NORRISTOWN - Only about a third of the registered voters in Montgomery, Chester and Berks counties decided the future of the counties, the court system, their municipalities and their school districts on Tuesday, Nov. 4.

In Montgomery County, 163,459 voters participated in Tuesday's elections for a 31.8-percent voter turnout.

"While that is not a great turnout, it is better than we thought it would be," said county voter services director Joseph R. Passarella, who, along with the heads of both major political parties, had predicted a 25-percent turnout.

The 31.8-percent turnout is more than double the 14.1-percent turnout in the May primary election. It is also better than the 27.4-percent turnout in the November 1999 general election that featured similar contests for county commissioner, judges, row offices, and municipal and school board races.

In Chester County, 80,673 people, or 27.3 percent of the 295,230 registered voters, voted in Tuesday's general election.

While the numbers seem low, the turnout was actually higher than in the last off-year election, in 2001. Of the 282,669 county residents registered to vote for the 2001 election, 66,738 people, or 23.6 percent of the total, voted.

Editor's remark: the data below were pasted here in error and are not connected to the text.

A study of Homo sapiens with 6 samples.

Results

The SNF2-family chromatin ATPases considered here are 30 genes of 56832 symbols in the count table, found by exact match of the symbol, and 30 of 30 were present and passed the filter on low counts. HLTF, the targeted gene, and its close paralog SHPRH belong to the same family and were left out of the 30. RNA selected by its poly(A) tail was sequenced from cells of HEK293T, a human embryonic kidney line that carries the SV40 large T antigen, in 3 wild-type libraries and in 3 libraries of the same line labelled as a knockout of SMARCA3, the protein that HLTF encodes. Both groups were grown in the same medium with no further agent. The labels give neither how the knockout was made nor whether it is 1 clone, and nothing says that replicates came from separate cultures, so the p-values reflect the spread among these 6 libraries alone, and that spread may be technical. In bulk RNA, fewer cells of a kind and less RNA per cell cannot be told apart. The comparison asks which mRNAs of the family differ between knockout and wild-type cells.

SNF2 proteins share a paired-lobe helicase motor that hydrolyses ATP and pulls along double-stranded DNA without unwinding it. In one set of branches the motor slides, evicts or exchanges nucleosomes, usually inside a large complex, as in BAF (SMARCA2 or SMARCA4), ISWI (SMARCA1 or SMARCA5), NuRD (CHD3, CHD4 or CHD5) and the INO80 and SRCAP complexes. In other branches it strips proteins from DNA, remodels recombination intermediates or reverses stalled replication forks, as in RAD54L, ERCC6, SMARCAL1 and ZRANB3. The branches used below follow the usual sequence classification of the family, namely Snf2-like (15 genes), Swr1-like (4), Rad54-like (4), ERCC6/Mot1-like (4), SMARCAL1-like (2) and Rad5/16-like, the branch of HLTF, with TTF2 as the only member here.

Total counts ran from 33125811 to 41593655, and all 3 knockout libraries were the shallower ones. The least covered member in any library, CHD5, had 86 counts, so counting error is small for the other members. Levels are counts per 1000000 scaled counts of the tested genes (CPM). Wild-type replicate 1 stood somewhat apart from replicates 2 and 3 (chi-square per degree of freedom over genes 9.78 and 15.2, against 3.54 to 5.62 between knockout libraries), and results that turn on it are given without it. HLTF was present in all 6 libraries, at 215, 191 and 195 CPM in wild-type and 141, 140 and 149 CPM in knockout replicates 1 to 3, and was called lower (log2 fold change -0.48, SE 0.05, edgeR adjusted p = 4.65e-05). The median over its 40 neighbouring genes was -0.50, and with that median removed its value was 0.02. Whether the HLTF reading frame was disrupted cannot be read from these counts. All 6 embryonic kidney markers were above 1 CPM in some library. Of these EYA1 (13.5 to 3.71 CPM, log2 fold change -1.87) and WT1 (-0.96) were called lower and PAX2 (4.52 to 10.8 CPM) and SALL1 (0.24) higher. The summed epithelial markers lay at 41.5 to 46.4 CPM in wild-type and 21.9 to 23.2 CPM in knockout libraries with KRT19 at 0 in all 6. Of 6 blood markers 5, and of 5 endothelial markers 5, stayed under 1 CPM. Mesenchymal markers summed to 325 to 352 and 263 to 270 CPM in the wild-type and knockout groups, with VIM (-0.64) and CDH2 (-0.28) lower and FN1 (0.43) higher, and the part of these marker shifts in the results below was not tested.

Off-year elections are races that do not feature a high-profile gubernatorial, congressional or presidential election; those national and statewide races tend to polarize the electorate and generate higher voter turnout.

For instance, when Pennsylvania was electing a governor last year, more than half, or 144,813 of Chester County's 288,722 registered voters, made it to the polls on Election Day. And when the county elected a president in 2000, 65 percent of the county's eligible voters, or 189,750 of the 293,179 registered, cast ballots on Election Day.

Berks County had the best turnout of the three area counties with 33.8 percent of registered voters going to the polls. In the primary, 23 percent of Berks County voters cast ballots.

Mercury staff writer Sharon Stahl contributed to this report.